There is today a lot of flaming rhetoric heating up the debate over its future. Support and opposition flow back in forth between the parties, depending upon which is in the minority and which is in the majority. It’s the Democrats’ turn in opposition. Both Senate Majority Leader Chuck Schumer and Senate Democratic Whip Dick Durbin are vociferously advocating for its termination. But that wasn’t the case when they were in the minority.
In 2017, Schumer declared:
“The legislative filibuster is the most important distinction between the Senate and the House. Without the 60-vote threshold for legislation, the senate becomes a majoritarian institution just like the House, much more subject to the winds of short-term electoral change. No senator would like to see that happen.”
Senator Durbin, who now says the filibuster “is making a mockery of American democracy” told ABC in 2018:
“I can tell you that would be the end of the Senate as it was originally devised and created going back to our founding fathers,” Durbin said at the time. “We have to acknowledge a respect for the minority and that is what the Senate tries to do in its composition and in its procedure.”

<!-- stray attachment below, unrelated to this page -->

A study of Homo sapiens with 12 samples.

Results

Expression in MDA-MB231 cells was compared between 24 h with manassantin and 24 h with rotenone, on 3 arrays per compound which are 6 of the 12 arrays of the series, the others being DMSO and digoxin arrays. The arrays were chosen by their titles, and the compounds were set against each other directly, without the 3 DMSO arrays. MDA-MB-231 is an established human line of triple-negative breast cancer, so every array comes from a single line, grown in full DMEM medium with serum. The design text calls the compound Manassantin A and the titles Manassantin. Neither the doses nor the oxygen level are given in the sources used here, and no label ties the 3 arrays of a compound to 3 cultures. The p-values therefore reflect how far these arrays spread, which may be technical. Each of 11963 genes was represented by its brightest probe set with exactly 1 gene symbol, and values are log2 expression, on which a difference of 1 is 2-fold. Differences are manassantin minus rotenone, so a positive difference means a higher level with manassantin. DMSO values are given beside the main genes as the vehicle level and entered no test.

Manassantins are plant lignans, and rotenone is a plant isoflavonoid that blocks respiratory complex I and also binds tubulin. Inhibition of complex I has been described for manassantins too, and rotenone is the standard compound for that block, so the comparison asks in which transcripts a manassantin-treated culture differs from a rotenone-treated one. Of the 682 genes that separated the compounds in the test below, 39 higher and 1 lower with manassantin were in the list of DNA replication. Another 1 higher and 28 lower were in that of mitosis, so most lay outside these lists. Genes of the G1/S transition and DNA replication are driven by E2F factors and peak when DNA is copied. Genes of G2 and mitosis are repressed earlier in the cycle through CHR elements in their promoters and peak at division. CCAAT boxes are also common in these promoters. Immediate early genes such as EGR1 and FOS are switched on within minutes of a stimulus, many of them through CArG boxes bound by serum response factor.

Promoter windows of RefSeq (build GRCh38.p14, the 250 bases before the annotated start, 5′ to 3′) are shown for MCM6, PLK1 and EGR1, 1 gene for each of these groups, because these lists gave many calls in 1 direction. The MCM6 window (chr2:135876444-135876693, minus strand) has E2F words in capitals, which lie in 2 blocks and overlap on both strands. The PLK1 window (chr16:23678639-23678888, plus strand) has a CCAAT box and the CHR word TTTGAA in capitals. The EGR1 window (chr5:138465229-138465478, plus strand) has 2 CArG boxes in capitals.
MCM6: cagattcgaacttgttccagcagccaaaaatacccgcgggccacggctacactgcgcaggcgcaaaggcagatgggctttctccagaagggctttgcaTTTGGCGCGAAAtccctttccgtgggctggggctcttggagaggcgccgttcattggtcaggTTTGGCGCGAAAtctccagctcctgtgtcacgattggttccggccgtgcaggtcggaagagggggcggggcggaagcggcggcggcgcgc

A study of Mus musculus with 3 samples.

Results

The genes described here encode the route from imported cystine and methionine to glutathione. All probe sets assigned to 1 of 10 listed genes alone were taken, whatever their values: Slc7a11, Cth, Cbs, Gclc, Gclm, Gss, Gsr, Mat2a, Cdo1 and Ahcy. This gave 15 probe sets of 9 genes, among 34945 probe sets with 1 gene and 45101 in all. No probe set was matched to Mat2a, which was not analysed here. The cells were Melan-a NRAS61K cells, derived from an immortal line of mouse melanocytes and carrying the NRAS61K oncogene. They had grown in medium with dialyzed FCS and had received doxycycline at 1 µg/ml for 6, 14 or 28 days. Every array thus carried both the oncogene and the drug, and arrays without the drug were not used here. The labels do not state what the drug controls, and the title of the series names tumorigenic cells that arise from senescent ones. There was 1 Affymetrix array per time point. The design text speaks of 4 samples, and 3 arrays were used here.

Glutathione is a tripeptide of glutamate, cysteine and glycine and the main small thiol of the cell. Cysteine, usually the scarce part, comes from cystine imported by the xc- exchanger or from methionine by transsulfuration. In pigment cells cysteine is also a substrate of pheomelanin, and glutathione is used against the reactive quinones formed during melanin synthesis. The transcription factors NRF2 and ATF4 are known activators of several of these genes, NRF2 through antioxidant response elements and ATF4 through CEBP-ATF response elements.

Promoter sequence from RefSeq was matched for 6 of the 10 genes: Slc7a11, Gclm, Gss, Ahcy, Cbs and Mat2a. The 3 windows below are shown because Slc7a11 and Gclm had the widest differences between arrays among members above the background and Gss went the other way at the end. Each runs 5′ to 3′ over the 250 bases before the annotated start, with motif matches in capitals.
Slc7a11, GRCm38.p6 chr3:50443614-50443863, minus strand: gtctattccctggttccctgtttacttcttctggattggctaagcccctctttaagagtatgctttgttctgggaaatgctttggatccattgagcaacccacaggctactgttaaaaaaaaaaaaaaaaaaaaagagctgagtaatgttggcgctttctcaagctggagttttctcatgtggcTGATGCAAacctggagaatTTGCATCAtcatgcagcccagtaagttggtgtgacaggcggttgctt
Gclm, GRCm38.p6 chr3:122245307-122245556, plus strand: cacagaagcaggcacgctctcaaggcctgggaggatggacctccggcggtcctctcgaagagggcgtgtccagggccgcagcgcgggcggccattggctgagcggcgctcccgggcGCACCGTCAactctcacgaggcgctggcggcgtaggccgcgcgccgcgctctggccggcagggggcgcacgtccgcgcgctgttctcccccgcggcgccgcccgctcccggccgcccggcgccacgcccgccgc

It is no surprise that the future of the filibuster floats untethered in the high winds of political parochialism and not in the calm air of common sense or bipartisan consensus. The atmosphere in which governing, or the lack of it, takes place in these times, does not lend itself to dealing honestly with issues such as this one that has many sides, rich history, and solid arguments for and against.